Schulz's MediaCom VOD Picks
Movies - Reviews
Written by Mike Schulz   
Sunday, 01 February 2015 17:39

Jessica Chastain and Oscar Isaac in A Most Violent YearLike a squirrel gathering nuts before winter, I made a conscious effort to catch all five of this past weekend’s debuting releases before our area was hit by the blizzard from Hell. (An oxymoronic expression, but whatever.) And because, with the exception of the museum’s feature, even the really good one will likely be gone before the snowy onslaught begins to melt, let’s take care of ’em quickly. In descending order of preference ... .

 
In Too Depp: "Mortdecai," "The Boy Next Door," and "Strange Magic" PDF Print E-mail
Movies - Reviews
Written by Mike Schulz   
Saturday, 24 January 2015 15:38

Johnny Depp in MortdecaiMORTDECAI

Mortdecai, a Clouseau-esque slapstick about a bumbling art dealer and a missing Goya, isn’t so much a movie as it is a test, and one with a single question: Just how much Johnny Depp can you still stomach? For me, the answer turned out to be “more than I expected,” because while director David Koepp’s comedy is crummy in many ways, it did crack me up a good dozen times, and every time because its generally overexposed star did or said something that caught me completely, joyously off-guard.

 
Wrestling with Demons: “Foxcatcher” PDF Print E-mail
Movies - Reviews
Written by Mike Schulz   
Sunday, 18 January 2015 20:24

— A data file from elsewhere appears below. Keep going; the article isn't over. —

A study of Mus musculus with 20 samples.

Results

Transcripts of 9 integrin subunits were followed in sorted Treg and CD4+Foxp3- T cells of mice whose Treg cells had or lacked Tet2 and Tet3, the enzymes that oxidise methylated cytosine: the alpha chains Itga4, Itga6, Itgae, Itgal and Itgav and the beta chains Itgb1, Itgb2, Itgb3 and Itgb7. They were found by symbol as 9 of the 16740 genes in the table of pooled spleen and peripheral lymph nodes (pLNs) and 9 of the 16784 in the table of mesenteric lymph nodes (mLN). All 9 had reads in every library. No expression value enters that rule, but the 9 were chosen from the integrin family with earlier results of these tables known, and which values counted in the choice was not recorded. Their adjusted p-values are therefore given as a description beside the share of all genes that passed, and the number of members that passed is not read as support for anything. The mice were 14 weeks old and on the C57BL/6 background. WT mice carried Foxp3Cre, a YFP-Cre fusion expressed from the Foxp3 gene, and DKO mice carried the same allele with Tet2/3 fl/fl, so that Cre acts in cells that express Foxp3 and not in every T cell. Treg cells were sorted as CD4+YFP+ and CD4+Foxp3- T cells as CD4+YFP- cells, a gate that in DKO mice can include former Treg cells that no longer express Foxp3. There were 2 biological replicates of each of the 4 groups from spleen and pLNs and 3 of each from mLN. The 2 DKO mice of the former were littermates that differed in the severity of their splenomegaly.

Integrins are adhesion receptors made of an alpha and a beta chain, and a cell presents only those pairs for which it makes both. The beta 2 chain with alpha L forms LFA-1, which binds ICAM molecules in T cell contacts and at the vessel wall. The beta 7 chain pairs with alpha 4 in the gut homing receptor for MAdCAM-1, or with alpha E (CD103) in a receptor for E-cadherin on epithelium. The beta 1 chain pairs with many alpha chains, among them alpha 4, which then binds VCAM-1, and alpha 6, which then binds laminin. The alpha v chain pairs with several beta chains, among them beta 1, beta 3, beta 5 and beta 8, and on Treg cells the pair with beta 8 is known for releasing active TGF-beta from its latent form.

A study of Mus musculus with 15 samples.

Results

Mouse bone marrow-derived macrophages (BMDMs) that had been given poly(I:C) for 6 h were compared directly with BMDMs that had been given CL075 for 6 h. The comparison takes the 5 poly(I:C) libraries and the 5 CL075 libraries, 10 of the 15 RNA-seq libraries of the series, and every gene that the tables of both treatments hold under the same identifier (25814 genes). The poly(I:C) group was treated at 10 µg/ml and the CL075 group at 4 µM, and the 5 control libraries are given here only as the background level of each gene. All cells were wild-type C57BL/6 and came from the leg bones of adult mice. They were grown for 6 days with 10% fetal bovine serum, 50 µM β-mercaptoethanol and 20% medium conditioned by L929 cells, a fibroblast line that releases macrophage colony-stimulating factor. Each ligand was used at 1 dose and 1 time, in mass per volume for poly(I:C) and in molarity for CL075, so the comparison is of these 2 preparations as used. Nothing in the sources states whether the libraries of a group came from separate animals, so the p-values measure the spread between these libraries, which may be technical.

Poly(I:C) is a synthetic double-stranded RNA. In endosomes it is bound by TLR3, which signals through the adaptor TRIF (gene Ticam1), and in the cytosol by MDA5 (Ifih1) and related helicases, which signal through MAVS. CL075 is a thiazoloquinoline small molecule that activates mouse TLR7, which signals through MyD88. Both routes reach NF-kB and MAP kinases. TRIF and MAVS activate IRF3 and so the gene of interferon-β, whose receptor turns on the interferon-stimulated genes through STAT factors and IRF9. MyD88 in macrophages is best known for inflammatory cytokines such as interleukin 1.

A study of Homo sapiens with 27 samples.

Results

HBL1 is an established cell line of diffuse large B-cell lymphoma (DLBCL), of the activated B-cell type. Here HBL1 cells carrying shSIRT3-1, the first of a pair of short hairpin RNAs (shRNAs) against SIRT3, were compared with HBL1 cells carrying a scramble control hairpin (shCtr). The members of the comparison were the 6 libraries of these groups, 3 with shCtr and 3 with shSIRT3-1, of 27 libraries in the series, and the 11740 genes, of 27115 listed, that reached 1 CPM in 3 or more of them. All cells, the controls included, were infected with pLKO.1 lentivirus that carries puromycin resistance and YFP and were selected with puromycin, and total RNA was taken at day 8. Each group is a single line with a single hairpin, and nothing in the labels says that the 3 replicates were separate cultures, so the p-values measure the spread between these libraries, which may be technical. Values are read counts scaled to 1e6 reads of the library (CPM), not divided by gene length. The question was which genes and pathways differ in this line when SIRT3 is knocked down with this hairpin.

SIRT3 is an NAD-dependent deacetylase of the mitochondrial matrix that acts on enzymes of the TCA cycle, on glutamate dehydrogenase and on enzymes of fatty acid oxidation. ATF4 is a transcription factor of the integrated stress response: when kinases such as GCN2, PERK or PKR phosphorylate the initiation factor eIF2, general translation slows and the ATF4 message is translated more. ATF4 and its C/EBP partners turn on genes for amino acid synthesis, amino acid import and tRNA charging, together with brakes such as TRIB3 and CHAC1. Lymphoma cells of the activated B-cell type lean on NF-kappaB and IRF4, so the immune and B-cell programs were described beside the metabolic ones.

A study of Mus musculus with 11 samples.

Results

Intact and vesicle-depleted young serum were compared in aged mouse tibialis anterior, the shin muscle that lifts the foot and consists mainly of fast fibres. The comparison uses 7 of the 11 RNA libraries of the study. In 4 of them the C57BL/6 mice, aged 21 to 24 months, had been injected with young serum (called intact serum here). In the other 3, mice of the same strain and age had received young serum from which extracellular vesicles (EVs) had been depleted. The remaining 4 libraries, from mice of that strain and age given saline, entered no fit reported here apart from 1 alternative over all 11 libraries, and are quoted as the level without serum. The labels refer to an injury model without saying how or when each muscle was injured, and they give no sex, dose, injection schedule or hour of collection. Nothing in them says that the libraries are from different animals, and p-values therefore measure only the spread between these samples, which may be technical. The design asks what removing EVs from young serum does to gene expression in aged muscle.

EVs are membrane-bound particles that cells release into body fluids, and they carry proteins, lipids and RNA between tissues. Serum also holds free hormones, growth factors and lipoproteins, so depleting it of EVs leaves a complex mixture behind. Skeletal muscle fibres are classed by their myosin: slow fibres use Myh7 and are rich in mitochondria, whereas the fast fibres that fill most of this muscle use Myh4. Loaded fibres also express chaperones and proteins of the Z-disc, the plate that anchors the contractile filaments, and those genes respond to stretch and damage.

Channing Tatum and Mark Ruffalo in FoxcatcherFOXCATCHER

Bennett Miller’s Foxcatcher isn’t a horror movie, per se. There are no bogeymen, no cats jumping out from the shadows, and, with one crucial exception, very little bloodletting beyond that which could be incurred on a wrestling mat. Yet when I caught the film this weekend, it sure seemed like one, considering the collective gasp that greeted the climax’s simple yet surprising appearance of a handgun. Actually, it was more of a swallowed shriek than a gasp – the sort of involuntary sound you’d make if you were fearing the worst and the worst came, only far sooner, and scarier, than you were anticipating.

 
Tickler, Failure, Soldiers, Spies – Notes on a Quadruple Feature: "Blackhat," "Paddington," "The Wedding Ringer," and "American Sniper" PDF Print E-mail
Movies - Reviews
Written by Mike Schulz   
Saturday, 17 January 2015 19:22

Wei Tang and Chris Hemsworth in BlackhatFriday, January 16, 10:05 a.m.-ish: My first and final quadruple feature of 2015 (yeah, right) begins with the Michael Mann thriller Blackhat, which opens with the camera racing within a computer module and deeper and deeper into the internal workings of binary code, like a burrowing reverse of Robert Zemeckis’ introductory shot in Contact. At its climax, we discover that we’ve been watching the process by which a faraway cyber-terrorist sets off an explosion at a Chinese nuclear facility, and it’s a juicy, unsettling prelude – so good, and so promising, that it probably takes longer than it should to realize the movie is goofy as hell.

 
For King and Country: "Selma," "Inherent Vice," and "Taken 3" PDF Print E-mail
Movies - Reviews
Written by Mike Schulz   
Sunday, 11 January 2015 18:27

David Oyelowo in SelmaSELMA

Movie violence is so prevalent – be it in horror films or action franchises (see Taken 3, if you must) or the PG-13 pummelings of every Marvel entertainment ever – that it’s shocking to see one whose brutal acts have the power to make you cry. But within the first minutes of the extraordinary Selma, director Ava DuVernay stages a literal explosion of historical violence so frightening, repellent, and emotionally overwhelming that, in the awestruck moments of silence that followed, it was absolutely no surprise to hear viewers sniffling.